Daylight Saving Time begins in the UK overnight tonight. This and the end of DST cause me no end of headaches and worry in my professional life. On the face of it most people do not realise that there is anything difficult about time. To them it seems that 10am on one day is the same as 10am on another day and that they are always 24 hours apart.
One of the rites of passage to becoming a seasoned computer professional is learning first hand how much of a mess can be caused if you don’t take care with your timezones and daylight savings time.
An easy approach that can work well if you control the whole system end to end is just working in localtime throughout. Thus you talk about your appointments being at 10am on a particular day and leave it at that. This can work quite well in the UK where we operate on a single timezone and do not have any direct borders with other countries that use different timezones.
However as soon as you start interfacing with other systems and interchanging data with 3rd parties in other countries then things get very confusing. These days I make sure that whenever I design a system and specify data interchange formats I ensure that times are all passed in a format that includes a timezone. Where possible I use ISO 8601 format to do this.
- Good – 2011-03-27T11:00:00+01:00
- Bad – 2011-03-27T11:00:00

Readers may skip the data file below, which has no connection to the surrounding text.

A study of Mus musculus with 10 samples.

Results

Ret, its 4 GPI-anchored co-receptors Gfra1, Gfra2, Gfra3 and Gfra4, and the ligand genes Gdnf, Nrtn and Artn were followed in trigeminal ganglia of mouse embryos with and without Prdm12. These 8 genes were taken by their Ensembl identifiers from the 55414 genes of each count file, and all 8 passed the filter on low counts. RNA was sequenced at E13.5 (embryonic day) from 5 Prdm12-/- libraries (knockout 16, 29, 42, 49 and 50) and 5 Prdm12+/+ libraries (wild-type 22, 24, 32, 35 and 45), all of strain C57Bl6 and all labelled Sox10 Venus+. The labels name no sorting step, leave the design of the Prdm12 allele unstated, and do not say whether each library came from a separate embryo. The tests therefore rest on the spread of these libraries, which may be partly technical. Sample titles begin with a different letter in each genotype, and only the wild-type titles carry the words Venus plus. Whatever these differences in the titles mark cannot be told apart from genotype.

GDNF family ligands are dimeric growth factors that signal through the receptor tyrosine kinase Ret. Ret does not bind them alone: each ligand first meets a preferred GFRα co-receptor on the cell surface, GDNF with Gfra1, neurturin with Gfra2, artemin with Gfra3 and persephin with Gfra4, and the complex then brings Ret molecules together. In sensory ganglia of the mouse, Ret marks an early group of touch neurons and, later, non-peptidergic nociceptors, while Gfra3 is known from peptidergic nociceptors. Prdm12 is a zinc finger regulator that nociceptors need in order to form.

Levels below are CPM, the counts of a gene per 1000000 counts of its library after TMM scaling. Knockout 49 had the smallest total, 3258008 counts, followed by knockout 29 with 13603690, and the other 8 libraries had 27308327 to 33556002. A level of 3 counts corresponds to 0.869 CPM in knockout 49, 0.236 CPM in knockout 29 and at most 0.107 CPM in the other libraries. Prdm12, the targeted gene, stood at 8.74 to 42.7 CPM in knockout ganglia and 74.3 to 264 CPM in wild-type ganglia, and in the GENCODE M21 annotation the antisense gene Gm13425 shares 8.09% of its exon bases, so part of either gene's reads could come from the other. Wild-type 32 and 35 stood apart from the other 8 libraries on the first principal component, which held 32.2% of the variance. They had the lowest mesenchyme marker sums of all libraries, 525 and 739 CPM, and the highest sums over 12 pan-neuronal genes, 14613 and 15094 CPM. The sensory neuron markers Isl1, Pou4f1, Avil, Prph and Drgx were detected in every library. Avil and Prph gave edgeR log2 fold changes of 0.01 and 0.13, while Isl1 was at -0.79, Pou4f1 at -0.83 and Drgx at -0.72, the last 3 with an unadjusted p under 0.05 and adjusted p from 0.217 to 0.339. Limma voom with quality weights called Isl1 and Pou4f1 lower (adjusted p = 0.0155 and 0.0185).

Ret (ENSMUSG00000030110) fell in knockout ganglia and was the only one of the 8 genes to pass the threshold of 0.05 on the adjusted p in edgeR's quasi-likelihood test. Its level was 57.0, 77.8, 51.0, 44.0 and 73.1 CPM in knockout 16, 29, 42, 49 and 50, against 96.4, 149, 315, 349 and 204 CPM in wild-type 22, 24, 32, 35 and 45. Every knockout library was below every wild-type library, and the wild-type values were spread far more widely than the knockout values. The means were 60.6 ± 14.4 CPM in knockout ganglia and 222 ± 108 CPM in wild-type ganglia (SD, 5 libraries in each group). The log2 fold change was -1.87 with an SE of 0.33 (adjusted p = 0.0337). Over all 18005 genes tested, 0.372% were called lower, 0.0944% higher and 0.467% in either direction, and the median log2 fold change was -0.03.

In the second example you cannot tell if the time is 11 am in BST or in GMT. Actually worldwide it could be any number of times if we want to get really confusing.
When displaying a date/time for an end user they rarely care about much more that what the time is in their local timezone. As such in user interfaces a lot of the timezone information can be dropped and where possible that information is picked up from the locale settings on the computer that is displaying the information.
If the information is in a data interchange file then where possible my preference is to store it using the timezone that is most appropriate for the recipient of that data. This should not really be an issue because it will likely be read by computer but it does make it easier for a human to verify the contents and debug the data.
I put quite a lot of effort into adding unit tests into the software that I write to ensure that things work correctly. However when you are working with multiple co-operating systems, especially where some of those are outside of your control, then end-to-end testing is rarely possible in advance. Thus the change to/from daylight saving time is often one of my most fraught times of the year. It is a hard deadline and no matter how much planning/testing you do there are often still a few surprises left in the cupboard.